How to Protect Wood Floors With Area Rugs
Prevent Scratching and Dirt With Runners in High-Traffic Areas
Hallways, entryways, and mudrooms are normally high-traffic areas where wood floors see more wear and tear. Use runner rugs in these areas to guard the integrity of the hardwood against shoe scuffing and debris brought in from the outside.
Walking on an area rug that has been placed over a dirty wood floor can grind existing dirt, dust, and sand into the wood. So that nothing comes between you and your rug, sweep and mop the entire area first to prepare the floor. Fix any scratches with wood wax or filler before laying your rug down. For the best results, clean under your rug regularly throughout the year.
Get a Rug With a Woven Backing for Healthy Airflow
One of the worst things you can do to your poor hardwood floors is lay down a rug with latex backing, which is usually found on natural fiber rugs. Latex traps moisture and gases that can stain and strip your hardwood’s finish. Do your floor a kindness and preserve it by investing in a rug with a woven backing. Wool rugs are safe for hardwood floors because they allow plenty of air to move through their breathable fibers.
Eliminate Exposure to Moisture With a Waterproof Rug
A puddle from an umbrella or dog bowl can quickly go from a temporary nuisance to a permanent problem. It doesn’t take much moisture to waterlog a once-beautiful hardwood by seeping into its seams and either staining or swelling the floor. Be prepared with a waterproof floor covering. The best rugs for hardwood floors keep them safe and dry. To really nail your floor protection, make sure your rug doesn’t have color or dyes that will bleed through when dampened. Wool and synthetic fiber rugs tend to be waterproof and colorfast.
Place Oversized Area Rugs in Large Rooms
An oversized rug anchored by furniture is suitable for a living or dining room — but beware. The hardwood preserved under a large rug will maintain its color better than the wood around it. To prevent discoloration on your uncovered flooring, try to limit the amount of direct sunlight your hardwood is exposed to.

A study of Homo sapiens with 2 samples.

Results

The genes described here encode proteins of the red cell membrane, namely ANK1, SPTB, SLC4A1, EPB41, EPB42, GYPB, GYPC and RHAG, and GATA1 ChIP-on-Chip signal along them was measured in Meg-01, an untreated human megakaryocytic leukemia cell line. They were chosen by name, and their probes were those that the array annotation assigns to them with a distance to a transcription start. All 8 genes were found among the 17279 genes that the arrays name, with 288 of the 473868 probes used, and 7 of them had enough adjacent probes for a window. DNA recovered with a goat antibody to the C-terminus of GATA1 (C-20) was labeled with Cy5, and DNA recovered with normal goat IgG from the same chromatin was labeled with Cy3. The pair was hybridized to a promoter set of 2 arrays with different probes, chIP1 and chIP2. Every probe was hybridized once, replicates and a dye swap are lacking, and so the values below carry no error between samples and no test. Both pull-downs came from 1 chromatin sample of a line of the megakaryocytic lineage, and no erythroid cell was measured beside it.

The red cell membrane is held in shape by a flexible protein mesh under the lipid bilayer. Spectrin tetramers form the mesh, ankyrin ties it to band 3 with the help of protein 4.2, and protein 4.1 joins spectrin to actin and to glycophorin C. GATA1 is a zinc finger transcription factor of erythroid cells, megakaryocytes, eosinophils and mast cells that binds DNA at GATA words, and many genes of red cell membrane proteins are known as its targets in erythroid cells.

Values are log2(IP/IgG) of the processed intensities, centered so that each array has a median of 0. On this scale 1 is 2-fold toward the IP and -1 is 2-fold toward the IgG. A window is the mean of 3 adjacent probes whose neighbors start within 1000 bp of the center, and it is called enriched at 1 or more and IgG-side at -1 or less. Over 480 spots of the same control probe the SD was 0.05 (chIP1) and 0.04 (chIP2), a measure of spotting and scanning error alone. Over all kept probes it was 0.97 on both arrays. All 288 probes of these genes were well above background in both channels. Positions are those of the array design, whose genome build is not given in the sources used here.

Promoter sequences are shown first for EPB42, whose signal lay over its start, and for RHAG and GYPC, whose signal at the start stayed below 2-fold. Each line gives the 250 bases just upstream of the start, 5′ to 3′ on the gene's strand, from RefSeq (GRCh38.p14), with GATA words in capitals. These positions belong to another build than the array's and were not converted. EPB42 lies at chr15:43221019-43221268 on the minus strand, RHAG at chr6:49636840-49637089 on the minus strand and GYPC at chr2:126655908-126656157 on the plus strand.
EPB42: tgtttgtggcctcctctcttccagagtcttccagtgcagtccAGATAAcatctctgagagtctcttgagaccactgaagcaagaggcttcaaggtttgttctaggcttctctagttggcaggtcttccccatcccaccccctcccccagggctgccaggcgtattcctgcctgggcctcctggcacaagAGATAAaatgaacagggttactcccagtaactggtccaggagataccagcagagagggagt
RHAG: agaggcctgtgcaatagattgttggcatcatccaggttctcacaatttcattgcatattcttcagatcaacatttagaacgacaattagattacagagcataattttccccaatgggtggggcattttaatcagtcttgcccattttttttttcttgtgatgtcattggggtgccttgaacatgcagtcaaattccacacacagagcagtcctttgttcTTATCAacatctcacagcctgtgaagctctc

Pick the Right Pile for Full Functionality
Don’t let your rug’s purpose overwhelm the room’s purpose. If you’re placing a rug in an office, make sure it has a low pile that won’t interfere with your rolling office chair. Use high-pile rugs in living rooms and dens with heavy furniture because they’re less susceptible to dents. They’ll protect your hardwood and can be easily fluffed when you rearrange furniture.
A thick rug will also provide soundproofing, insulation, and cushioning. Get an area rug with a reliably dense, comfortable core that won’t bunch or wrinkle, but one that isn’t too bulky to prevent a good grip.
Use a Non-Skid Pad that Won’t Disintegrate or Discolor
Rugs with rough backings are bad news. If your rug has a seedy underbelly it can gradually scratch wood floors. Provide a barrier between your rug and the hardwood with a non-slip rug pad. In places where you do the most walking or standing, choose a carpet pad with a little bit of extra cushioning. For flat-weave rugs, try a discreet, dual-sided felt rug pad that reduces slippage.
Synthetic rubber pads are the most inexpensive options and can easily be trimmed with scissors to fit rugs with irregular shapes. However, their dissolving agents might cause discoloration or leave marks that will have to be sanded and resealed. The toxins in a synthetic pad’s softening chemicals can eat away at your hardwood as they react to your floor finish. PVC or plastic pads are especially bad. You don’t want to buy a rug pad to preserve your floor only for it to do the complete opposite.
You want your rug pad to mimic your floor: organic, natural, and smooth. Felt and rubber rug pads are best for hardwood. They’re clingy but because they’re not adhesive based, they’ll play nice with your floor finish and won’t hold odors.
Still on the hunt for your area rug? Check out The Complete Rug Buying Guide to find a match for your hardwood floor.